Dancing to huapangos at Xalapa's La Casona del Beaterio
Crayton and I have a friend, Chris, who works as a biologist outside Coatepec, Veracruz. Last month we finally had a chance to visit him. Originally I’d wanted to combine a trip to Veracruz City, too, but a helpful email from Leah at In Veracruz cleared that up — traveling to Coatepec and nearby Xalapa was enough for one weekend.
We caught an early-morning bus from Mexico City’s TAPO terminal and arrived bleary-eyed in Xalapa at about 11 a.m. We decided to use Xalapa as our homebase because friends had told us great things about the city. One friend compared it to Seattle, with its drizzly weather and coffee shops. On Lonely Planet’s Thorn Tree forum, though, people weren’t as nice — some said it was ugly and urban, and not worth spending even a day there.
In the end, Xalapa was just okay. It’s a little too gritty to be Seattle, and the coffee shops weren’t as abundant as I thought they’d be. Also, I expected the people to be a little nicer. At the market one day, two vendors brushed me off when I asked what type of chiles they were selling. “No sabría decirle,” they said, which roughly translates to, “I wouldn’t know.”
I also had trouble hunting down good regional food. Taxi drivers pointed me to an al pastor stand and a grilled meat place. I thought there’d be something more specifically Xalapeño. Maybe I didn’t ask the right people.
I did take a really cool bike tour in Xalapa, though. And I enjoyed the Anthropology Museum. In the end, I’d recommend stopping in Xalapa for a day and a night, and then moving on to some of the smaller villages in the area — specifically Xico.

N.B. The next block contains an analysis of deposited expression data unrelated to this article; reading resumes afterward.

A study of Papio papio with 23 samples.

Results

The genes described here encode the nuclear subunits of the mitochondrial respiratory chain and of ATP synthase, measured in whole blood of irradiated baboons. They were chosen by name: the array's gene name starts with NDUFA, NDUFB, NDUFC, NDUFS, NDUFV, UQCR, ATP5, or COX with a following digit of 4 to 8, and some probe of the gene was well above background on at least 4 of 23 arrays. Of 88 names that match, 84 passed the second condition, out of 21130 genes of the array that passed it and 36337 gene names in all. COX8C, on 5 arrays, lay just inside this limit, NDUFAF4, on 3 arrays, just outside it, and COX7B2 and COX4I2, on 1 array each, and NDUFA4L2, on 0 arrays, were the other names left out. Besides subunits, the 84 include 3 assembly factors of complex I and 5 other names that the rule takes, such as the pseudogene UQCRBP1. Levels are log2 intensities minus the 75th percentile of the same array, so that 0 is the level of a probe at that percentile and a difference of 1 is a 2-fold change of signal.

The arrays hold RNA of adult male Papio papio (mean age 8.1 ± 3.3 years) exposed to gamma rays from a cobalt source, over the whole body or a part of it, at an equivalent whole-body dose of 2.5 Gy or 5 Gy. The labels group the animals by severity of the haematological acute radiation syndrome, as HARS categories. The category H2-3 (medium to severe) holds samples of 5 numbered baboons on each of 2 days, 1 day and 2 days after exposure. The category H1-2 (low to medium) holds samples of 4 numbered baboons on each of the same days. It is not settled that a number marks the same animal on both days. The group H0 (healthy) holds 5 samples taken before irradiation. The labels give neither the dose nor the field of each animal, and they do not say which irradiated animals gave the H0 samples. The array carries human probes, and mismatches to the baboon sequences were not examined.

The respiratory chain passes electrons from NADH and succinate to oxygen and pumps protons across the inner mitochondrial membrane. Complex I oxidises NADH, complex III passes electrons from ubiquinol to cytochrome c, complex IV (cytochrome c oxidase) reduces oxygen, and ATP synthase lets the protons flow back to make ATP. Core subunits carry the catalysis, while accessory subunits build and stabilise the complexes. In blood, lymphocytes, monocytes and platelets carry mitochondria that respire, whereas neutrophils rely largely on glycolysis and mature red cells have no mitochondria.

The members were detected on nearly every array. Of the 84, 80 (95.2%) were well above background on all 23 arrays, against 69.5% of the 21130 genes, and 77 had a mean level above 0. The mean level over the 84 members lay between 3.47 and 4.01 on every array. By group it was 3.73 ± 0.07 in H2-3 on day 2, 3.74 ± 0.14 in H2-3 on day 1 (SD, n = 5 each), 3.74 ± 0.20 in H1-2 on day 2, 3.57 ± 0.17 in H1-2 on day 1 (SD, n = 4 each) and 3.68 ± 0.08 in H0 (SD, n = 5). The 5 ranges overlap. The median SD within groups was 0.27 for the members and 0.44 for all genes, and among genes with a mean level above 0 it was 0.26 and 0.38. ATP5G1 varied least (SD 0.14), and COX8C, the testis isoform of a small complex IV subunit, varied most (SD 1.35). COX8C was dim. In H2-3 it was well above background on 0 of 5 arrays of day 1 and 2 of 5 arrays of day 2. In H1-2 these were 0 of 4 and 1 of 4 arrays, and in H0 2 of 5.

Here’s a list of a few things I liked in Xalapa. The Xico post is coming in a few days, with lots of gorgeous food.
What I loved about Xalapa:
1. A bike tour with Xalapa Roy.
A break in the rain, during a bike tour with Xalapa Roy
Roy, an American expat, has lived in Xalapa for more than 35 years. He’s a passionate bike-rider and offers tours of the city that start at 2 hours long. Ours was maybe three hours — he took us through some of the pretty parks downtown and through the gorgeous, almost jungle-like university.
It rains a lot in Xalapa, so we got drenched at least three times. But it was a blast. I loved not caring about the rain falling, and feeling the water drip off my helmet onto my face. I’d mentioned that I wanted to stop at a market, so Roy took me to two.
2. The Anthropology Museum. What everyone says is true. The place is phenomenal — the ancient cultures that existed along the Gulf are explained in painstaking detail, in both English and Spanish. It’s nearly impossible to see in one visit. (I skipped a few rooms toward the end to make time to see the codices.) It’s located about 20 minutes from the downtown center. If you’re hungry afterwards, there’s a decent seafood restaurant around the corner on Avda. Orizaba called Nueva Tamiahua.
3. Coffee and sweet bread at La Parroquia.
I know, it’s a chain, but I couldn’t find any other Veracruzan coffee and sweet bread in the two days we were there. Plus the coffee here is fantastic: concentrated and topped with streams of hot milk. And you can get a bomba, or concha, spread with refried beans. (Of course I had to get one.)
A concha, or "bomba" as it's called In Veracruz, with a side of refried beans
And I got some panuchos, too.
The pickled jalapeños in Xalapa, by the way, are fantastic.
Here are a few more pictures from my trip:
A plaza near one of Xalapa's markets. We stopped here on the bike tour.
A picadita, or a large sope, topped with beans, cheese and plantain.
Xalapa's erratic weather: sun, pouring rain, then sun again. I loved it.
A lakeside path in Xalapa, when it was sunny. We biked here.
Dried tejocote, seen at a Xalapa market. I've never seen it in DF.
A gorgeous izote flower, spotted at the Xalapa market downtown. You pluck off the flowers and stew them.
This guy was selling homemade jamoncillos outside Xalapa's central market downtown.
The jamoncillos -- I bought one coconut-flavored, and one pineapple.
Pre-hispanic candy, sold by the same man
Xalapa's typical moody sky.
One night Roy took us to a restaurant called La Casona del Beaterio. They had live music — huapangos, the traditional style of Veracruz — and dancers.
Photos from the Xico portion of our trip coming soon!